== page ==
In August 2012, Bobby Hoyt decided to get serious about putting money toward his $40,000 (S$55,000) student loan debt. Eighteen months later, the high-school band director was completely debt-free.
In order to fast track his debt repayment plan, Hoyt - who is now a full-time financial blogger - made several short-term sacrifices.
"The reality is, if you have a lot of debt and you want to get rid of it quickly, there's no comfortable way to do that," the 28-year-old teacher-turned-entrepreneur told CNBC. "Cutting back on eating out, or living at home, or not doing all the fun things that your friends are doing is uncomfortable - but you have to realise that it's all temporary."
Plus, "it's OK to be poor for a little bit," he said. "A lot of people don't realise that. They want to start living the good life immediately, but when you're young it's OK to struggle a bit."
Here are five things Hoyt lived without in order to contribute 75 per cent of his paycheck toward his loans and become debt-free as quickly as possible:
1. His own space
Hoyt and his wife, Coral, an elementary school teacher, rented a room from her parents for $500 a month. "It was super cramped, but cheaper than immediately buying a house or getting a nice apartment after college," he told CNBC.
Sure, "it totally sucks renting a room from your in-laws," he admitted, "but living costs are one of the biggest inhibitors of being able to pay off your loans quickly. A lot of people graduate and they feel like they have to go out and get the big house or the nice apartment - but you can't necessarily do that if you want to pay your loans off quickly."
If living with your parents is not an option, he suggests renting an apartment with multiple roommates to cut your living expenses, or if you already own a house, renting out any spare rooms.
2. A new car
While Hoyt could have afforded to ditch the clunker that he drove in high school for a new car with modern amenities, he kept the clunker in order to pay off his loans quicker.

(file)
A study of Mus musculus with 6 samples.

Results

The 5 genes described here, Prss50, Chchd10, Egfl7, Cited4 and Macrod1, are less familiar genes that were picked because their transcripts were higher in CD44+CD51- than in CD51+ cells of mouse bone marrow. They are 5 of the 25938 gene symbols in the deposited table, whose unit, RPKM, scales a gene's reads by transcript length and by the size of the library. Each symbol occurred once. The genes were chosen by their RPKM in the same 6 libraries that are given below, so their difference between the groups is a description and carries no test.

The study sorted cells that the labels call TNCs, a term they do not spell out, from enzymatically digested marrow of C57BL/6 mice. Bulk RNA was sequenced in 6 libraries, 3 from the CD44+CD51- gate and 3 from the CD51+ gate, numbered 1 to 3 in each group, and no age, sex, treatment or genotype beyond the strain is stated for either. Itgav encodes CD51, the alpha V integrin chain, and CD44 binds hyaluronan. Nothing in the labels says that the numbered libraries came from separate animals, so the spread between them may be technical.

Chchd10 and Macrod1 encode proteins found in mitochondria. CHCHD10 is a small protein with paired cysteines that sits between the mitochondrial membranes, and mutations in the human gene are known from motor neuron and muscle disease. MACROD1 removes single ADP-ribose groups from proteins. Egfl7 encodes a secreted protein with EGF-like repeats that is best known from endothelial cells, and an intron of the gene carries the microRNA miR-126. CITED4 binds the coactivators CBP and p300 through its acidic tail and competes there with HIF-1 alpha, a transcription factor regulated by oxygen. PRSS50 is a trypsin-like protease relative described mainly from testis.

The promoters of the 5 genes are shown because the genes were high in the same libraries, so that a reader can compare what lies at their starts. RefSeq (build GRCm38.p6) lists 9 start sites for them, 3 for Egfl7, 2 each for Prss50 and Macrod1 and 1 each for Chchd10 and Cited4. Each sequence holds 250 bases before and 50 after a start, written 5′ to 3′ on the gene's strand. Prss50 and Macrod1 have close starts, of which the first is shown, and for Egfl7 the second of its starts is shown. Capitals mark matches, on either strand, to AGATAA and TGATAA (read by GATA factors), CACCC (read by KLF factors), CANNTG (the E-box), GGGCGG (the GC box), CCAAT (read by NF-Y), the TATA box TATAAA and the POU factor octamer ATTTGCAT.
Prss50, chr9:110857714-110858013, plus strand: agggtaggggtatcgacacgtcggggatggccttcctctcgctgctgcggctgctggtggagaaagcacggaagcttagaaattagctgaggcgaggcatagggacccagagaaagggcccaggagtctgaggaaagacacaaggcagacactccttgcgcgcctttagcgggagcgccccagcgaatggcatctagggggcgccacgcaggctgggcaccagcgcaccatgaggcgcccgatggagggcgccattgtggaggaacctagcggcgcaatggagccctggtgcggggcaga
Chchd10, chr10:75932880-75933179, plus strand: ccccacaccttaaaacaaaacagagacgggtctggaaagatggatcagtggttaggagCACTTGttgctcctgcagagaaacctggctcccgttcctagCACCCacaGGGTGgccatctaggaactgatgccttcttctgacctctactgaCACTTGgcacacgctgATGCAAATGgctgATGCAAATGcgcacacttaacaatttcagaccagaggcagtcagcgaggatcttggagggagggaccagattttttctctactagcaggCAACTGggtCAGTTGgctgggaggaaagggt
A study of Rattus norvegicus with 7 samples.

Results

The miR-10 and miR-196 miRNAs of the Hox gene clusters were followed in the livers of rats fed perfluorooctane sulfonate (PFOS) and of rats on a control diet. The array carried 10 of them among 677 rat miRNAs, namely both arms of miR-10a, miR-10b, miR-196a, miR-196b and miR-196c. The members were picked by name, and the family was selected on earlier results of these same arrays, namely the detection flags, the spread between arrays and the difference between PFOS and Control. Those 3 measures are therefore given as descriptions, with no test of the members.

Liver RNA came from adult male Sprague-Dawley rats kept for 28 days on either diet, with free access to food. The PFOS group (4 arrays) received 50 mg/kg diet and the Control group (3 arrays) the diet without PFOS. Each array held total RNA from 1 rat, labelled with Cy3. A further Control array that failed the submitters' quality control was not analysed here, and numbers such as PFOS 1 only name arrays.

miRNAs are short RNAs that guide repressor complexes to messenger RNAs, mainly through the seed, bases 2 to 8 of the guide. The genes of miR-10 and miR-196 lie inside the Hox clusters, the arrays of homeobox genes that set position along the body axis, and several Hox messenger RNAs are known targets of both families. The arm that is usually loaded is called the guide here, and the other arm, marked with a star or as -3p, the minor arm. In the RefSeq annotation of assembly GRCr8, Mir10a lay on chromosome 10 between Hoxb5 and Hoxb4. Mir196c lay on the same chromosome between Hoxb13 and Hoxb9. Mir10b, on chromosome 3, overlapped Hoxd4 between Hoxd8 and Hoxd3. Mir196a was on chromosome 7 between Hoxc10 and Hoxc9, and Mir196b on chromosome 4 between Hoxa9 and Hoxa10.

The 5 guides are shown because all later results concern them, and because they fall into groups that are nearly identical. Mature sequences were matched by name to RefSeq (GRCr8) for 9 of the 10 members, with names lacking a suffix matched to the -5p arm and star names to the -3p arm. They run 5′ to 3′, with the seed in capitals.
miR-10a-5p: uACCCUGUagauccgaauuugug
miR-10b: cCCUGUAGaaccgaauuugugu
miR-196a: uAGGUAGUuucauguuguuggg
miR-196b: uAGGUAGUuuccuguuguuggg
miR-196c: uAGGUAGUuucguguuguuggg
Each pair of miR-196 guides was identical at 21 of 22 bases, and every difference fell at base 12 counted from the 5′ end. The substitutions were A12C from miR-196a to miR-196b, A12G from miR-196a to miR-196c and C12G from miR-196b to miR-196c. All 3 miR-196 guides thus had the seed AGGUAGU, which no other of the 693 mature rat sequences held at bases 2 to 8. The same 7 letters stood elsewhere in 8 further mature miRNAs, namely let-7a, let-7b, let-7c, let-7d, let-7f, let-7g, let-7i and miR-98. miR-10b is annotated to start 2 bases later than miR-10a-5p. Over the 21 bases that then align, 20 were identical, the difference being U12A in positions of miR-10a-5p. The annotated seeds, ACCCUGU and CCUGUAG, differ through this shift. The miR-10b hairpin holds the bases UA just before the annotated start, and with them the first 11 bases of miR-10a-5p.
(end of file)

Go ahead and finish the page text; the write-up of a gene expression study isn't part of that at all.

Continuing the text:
There's no need to buy a brand new ride when you're young and just starting out your career, Hoyt said - especially if you're in the red.
"Too many young people save up what little cash they can after making all of their monthly payments just to blow it on a trip to someplace that they really can't afford to go to," Hoyt wrote on his blog.
Sacrificing vacations allowed him to contribute more toward his loans - plus, it created the opportunity for nicer trips in the future, he wrote: "I'll travel more when I'm older and have more money to do the really nice stuff."
4. New clothes
Hoyt avoided the mall and simply "wore all the stuff that I had from college," he explained.
Of course, there were a few necessities he had to buy - such as dress shirts and nice slacks for work - but he refused to spend on "wants."
Hoyt cut the cord, and he advises anyone else looking to free up cash and pay down loans to do the same.
It's one of the simplest ways to save money - plus, he hasn't missed it at all. "With Netflix, Hulu and devices like Apple TV you can easily stay up to date on shows without having to pay for cable," Hoyt wrote. "Stop paying for cable. Just stop."